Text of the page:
During every presidential election year in the United States, seemingly without fail, a damaging piece of news about a candidate arrives in October. Leaves will fall, pumpkins will be carved, and pundits will ponder whether a presidential candidate can make it through a scandal or miscue dug up by journalists or opposition researchers.
But 2016 is not like other election years. September ended with the revelation that Donald Trump, the Republican candidate for president, appeared in an adult film in 2000. But after the year America has had—an onslaught of deleted emails on one side and not-so-subtle racism on the other—that news didn’t raise that many eyebrows.
If the American electorate entered October jaded and exhausted, assuming nothing could be shocking this late in the game, the release of a 2005 video on October 7, showing Donald Trump making vulgar comments about women, proved otherwise.
“You know I’m automatically attracted to beautiful,” Trump says in the video. “I just start kissing them. It’s like a magnet. Just kiss. I don’t even wait. And when you’re a star, they let you do it. You can do anything.”
He added: “Grab them by the pussy. You can do anything.”
While the comments don’t seem to have significantly swayed Trump’s voter base yet, they’ve certainly reminded the American public what it’s like to be surprised in an election year. And as if that weren’t enough, alleged excerpts from the long-sought-after transcripts of Hillary Clinton’s closed-door speeches to financial firms on Wall Street were published by WikiLeaks shortly after the Trump video was released. In them, Clinton says she’s “kind of far removed” from the middle class, and that her “dream is a hemispheric common market, with open trade and open borders.”
We’re only nine days into October, but we already have enough material to compare these October surprises to past ones:
Ah, 2012. What an innocent time it was. The most explosive piece of news that came in October that year was when New Jersey governor Chris Christie, a Republican critic of Barack Obama, praised the president’s response to Hurricane Sandy.
The more memorable and surprising news of the 2012 election cycle came in mid-September, when Republican presidential candidate Mitt Romney made remarks about Obama’s voter base during a private fundraiser:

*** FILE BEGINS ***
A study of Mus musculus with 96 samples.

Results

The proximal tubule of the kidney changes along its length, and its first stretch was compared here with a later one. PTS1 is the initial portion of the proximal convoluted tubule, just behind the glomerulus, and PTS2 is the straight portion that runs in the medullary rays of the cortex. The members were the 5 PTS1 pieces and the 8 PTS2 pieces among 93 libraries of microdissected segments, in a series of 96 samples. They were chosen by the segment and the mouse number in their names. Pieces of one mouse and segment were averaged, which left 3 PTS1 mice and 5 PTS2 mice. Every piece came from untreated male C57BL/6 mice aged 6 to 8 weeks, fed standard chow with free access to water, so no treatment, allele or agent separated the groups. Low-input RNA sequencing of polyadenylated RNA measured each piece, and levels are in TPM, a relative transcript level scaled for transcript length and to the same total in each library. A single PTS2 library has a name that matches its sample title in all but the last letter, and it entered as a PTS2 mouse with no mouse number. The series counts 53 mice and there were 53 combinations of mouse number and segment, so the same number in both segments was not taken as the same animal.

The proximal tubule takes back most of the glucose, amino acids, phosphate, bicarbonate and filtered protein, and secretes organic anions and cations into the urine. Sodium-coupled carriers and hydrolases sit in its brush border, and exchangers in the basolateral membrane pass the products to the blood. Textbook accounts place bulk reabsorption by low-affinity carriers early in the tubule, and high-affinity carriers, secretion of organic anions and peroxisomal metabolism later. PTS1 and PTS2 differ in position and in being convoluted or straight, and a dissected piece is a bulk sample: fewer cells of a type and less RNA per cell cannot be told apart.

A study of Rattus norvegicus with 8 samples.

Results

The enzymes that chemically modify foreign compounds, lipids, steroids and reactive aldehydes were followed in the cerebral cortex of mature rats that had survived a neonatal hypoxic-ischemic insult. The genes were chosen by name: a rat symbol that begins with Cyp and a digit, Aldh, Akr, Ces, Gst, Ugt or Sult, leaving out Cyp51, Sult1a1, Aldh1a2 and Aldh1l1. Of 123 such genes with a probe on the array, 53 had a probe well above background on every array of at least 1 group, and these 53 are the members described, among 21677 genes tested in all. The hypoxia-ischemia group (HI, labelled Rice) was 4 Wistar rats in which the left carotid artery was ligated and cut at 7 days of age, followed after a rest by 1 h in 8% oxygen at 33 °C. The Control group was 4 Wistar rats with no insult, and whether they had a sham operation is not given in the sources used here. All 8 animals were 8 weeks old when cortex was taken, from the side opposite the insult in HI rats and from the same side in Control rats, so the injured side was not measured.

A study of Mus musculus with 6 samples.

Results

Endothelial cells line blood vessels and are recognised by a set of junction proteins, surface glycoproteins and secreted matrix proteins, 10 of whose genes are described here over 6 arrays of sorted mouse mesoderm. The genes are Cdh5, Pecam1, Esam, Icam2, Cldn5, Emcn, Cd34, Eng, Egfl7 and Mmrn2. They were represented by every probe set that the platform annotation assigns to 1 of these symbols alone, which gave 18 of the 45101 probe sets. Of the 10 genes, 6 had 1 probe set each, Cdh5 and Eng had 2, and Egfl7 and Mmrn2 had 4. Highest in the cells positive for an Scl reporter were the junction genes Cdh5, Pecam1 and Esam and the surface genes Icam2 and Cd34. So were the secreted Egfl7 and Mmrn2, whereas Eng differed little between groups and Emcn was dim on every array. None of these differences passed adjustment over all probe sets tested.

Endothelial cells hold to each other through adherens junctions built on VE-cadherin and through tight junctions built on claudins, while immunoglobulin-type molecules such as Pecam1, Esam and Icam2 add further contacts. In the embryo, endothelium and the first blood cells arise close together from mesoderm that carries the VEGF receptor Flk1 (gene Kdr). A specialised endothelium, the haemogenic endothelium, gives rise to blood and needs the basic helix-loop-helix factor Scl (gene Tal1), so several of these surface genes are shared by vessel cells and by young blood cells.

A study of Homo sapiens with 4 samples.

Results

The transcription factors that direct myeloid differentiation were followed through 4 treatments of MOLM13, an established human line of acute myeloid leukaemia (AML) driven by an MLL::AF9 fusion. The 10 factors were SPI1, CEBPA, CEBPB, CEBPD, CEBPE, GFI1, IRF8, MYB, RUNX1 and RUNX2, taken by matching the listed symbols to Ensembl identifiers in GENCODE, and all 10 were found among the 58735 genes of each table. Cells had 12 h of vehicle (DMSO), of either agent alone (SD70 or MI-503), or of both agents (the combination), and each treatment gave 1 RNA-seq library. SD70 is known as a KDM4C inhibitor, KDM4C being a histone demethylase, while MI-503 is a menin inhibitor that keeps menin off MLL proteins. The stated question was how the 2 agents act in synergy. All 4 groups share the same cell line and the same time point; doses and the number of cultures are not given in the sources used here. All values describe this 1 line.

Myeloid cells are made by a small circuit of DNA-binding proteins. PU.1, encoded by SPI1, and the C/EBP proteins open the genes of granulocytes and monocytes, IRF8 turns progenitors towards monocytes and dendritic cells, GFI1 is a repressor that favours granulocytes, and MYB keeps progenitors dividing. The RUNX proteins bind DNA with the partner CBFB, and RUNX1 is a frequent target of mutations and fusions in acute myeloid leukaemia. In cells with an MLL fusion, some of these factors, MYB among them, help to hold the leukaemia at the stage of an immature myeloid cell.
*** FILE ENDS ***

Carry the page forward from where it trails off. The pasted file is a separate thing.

There are 47% of the people who will vote for the president no matter what. All right, there are 47% who are with him, who are dependent upon government, who believe that they are victims, who believe the government has a responsibility to care for them, who believe that they are entitled to health care, to food, to housing, to you-name-it. That that’s an entitlement. And the government should give it to them. And they will vote for this president no matter what…These are people who pay no income tax.
The remarks, uncovered by left-leaning magazine Mother Jones, have been compared to Clinton’s assertion in the current election cycle that half of Donald Trump’s supporters are a “basket of deplorables.” It’s also not unlike Clinton’s comment in the alleged speech transcripts, in which she says she’s “far removed” from the middle class.
Just before the 2008 election, the jobless rate had hit a 14-year high. The approval ratings of president George W. Bush dropped as it rose. The sentiment was bad for the Republican candidate, John McCain, who made several mistakes in his response to the economic downturn.
But McCain wasn’t the only candidate in hot water that October. Just days before the election, the Associated Press reported that Barack Obama’s aunt was living illegally in the United States.
“Onyango was denied asylum by an immigration judge,” the Associated Press reported. “She was instructed to leave the United States in 2004,”
In 2004, the US was only a year into the Iraq War, and George W. Bush was up for reelection. In late October, just before the election, the New York Times reported that a cache of American explosives had disappeared in Iraq.
Following the incident, Democratic candidate John Kerry questioned Bush’s ability as commander in chief, and said the White House was trying to keep the incident under wraps until after the election.
“Mr. President, what else are you being silent about?” Kerry reportedly said at a campaign rally. “What else are you keeping from the American people? How much more will the American people have to pay?”
Days before voters would head to polls in the contentious 2000 election, Time magazine reported that George W. Bush had been arrested for drunk driving in Maine in 1976. Shortly after the incident was reported, Bush held a press conference. He confirmed the report, noting it had happened 24 years prior.
“I have been straightforward with the people, saying that I used to drink too much in the past,” he said. ”I have been very candid about my past. I’ve said I’ve made mistakes in the past. People know that. They’ve thought about that. They’re making their minds up now.”
Bush, of course, won the election anyway.